How does a cell move? "pull plug" on electrical charge on inside of its membrane

Johns Hopkins Medicine

Scientists at Johns Hopkins Medicine say that a key to cellular movement is to regulate the electrical charge on the interior side of the cell membrane, potentially paving the way for understanding cancer, immune cell and other types of cell motion.

Their experiments in immune cells and amoeba show that an abundance of negative charges lining the interior surface of the membrane can activate pathways of lipids, enzymes and other proteins responsible for nudging a cell in a certain direction.

The findings, described in the October issue of Nature Cell Biology, advance biologists' understanding of cell movement and potentially can help explain biological processes associated with movement, such as how cancer cells move and spread beyond the original site of a tumor and how immune cells migrate to areas of infection or wound healing.

"Our cells are moving within our body more than we imagine," says Peter Devreotes, Ph.D., the Isaac Morris and Lucille Elizabeth Hay Professor and Distinguished Service Professor in the Department of Cell Biology at the Johns Hopkins University School of Medicine. "Cells move to perform many functions, including when they engulf nutrients or when they divide."

Many of the molecules involved in cell movement become activated in the leading edge of the cell, or where it forms a kind of foot, or protrusion, that orients the cell in a particular direction.

Tatsat Banerjee, a graduate student in Cell Biology and Chemical and Biomolecular Engineering Departments at Johns Hopkins and the lead author of the study, began to notice that negatively charged lipid molecules that line the inner layer of cell membranes were not uniform, as scientists previously thought. He noticed that these set of molecules consistently leave the regions where a cell makes a protrusion. Banerjee had a hunch that a general biophysical property, such as electrical charge, rather than a specific molecule, could be stimulating and organizing the activities of enzymes and other proteins related to cell movement.

To test this idea, Banerjee and Devreotes used a biosensor, a fluorescently-labelled, positively-charged peptide to survey the inner lining of the membrane of human immune cells, called macrophages, which engulf invading cells, and a single-celled, soil dwelling amoeba, called Dictyostelium discoideum.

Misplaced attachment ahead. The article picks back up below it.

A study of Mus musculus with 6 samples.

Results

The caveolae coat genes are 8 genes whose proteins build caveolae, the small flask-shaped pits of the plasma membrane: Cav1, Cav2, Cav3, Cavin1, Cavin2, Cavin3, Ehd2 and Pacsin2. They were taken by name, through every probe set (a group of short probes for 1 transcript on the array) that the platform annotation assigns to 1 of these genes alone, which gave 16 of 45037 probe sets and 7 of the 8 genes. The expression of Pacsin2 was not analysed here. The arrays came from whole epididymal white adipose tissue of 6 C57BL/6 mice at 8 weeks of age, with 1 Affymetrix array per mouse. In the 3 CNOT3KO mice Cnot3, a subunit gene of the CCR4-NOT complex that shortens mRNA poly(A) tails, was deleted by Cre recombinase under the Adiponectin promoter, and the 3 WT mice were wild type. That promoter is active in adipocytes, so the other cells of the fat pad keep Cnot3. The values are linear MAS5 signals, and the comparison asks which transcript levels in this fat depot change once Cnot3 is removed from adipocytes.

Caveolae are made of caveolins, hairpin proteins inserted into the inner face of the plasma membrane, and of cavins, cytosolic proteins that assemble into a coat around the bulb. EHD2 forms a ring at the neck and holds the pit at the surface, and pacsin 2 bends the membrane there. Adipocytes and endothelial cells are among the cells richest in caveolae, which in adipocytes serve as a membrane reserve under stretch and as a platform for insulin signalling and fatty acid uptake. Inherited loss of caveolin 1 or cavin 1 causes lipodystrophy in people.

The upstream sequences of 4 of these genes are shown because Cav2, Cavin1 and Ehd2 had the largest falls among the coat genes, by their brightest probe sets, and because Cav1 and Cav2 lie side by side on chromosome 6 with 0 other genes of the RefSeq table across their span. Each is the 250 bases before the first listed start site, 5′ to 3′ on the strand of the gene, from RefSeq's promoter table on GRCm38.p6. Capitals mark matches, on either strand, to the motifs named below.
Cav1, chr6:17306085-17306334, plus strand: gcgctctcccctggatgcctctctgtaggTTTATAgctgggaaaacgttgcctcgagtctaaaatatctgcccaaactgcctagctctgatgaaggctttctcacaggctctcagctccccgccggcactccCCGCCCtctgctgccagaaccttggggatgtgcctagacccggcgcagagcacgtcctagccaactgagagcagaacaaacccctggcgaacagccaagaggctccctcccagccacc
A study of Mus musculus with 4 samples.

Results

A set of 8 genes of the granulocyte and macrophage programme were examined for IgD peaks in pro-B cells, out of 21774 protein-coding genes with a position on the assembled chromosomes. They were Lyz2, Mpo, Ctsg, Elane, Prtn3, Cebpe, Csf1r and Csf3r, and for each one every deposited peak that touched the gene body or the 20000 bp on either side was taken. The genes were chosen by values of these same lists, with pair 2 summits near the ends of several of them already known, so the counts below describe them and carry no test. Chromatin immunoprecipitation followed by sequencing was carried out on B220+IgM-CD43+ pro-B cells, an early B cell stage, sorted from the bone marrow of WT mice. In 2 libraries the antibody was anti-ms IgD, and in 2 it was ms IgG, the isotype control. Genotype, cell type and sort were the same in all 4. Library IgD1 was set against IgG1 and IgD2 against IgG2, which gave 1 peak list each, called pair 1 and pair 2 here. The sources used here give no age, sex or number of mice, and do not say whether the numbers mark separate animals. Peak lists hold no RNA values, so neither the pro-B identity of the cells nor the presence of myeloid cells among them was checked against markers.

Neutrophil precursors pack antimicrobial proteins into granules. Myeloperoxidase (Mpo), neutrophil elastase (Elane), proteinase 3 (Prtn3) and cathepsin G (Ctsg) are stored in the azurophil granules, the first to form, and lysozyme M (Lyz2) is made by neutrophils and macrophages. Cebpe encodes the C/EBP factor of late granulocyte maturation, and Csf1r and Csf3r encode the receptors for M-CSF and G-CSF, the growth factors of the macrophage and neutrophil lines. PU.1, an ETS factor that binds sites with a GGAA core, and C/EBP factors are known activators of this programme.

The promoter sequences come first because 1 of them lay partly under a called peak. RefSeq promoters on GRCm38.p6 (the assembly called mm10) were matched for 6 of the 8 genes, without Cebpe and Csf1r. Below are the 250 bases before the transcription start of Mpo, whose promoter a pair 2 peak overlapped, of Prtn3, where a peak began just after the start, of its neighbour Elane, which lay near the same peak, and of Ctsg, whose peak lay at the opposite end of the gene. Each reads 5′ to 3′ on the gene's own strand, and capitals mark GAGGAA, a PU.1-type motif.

They found that when and where the cells formed protrusions, there was a corresponding reduction of negative electrical charge along the inner membrane. Alternatively, along the cells' resting membrane surface, the electrical charge increased, which contributes in recruiting more positively charged proteins.

The Johns Hopkins researchers also engineered novel highly charged, genetically encoded molecules that can be moved within the cell with light. Wherever the scientists shined a light on the cell, new protrusions would form or suppress to move the cell in a certain direction, depending on whether surface charge was decreased or increased.

Devreotes says that these experimental results are possibly the first proof that the level of generic membrane surface charge has a causal role in controlling cell signaling and motility.

Collaborating with Pablo Iglesias, Ph.D., and his research team in the Department of Electrical and Computer Engineering at the Johns Hopkins Whiting School of Engineering, the researchers built a computational model to demonstrate how small changes in electrical charges on the inner membrane affect cell signaling activities.

"The negative surface charge seems to be sufficient and necessary to activate a cascade of biomolecular reactions that have been linked to cell movement," says Banerjee.

Commenting on the current study in F1000 Faculty Opinions, Martin Schwartz, Ph.D., the Robert W. Berliner Professor of Medicine (Cardiology) and Professor of Biomedical Engineering and of Cell Biology at the Yale School of Medicine, who is unrelated to this study, said, "...This paper has the potential to initiate a new direction in this field."

Next, the scientists are planning to study precisely how and when the electrical charges are reduced along the inner membrane in response to external cues and how, exactly, the negative charges connect with the complicated protein and lipid signaling networks that prompt cell movement and other associated physiological processes.

The research was funded by the National Institutes of Health (R35 GM118177, S10 OD016374), DARPA, and AFOSR MURI.

In addition to Banerjee, Iglesias and Devreotes, other contributors to the research include Debojyoti Biswas, Dhiman Sankar Pal and Yuchuan Miao at Johns Hopkins.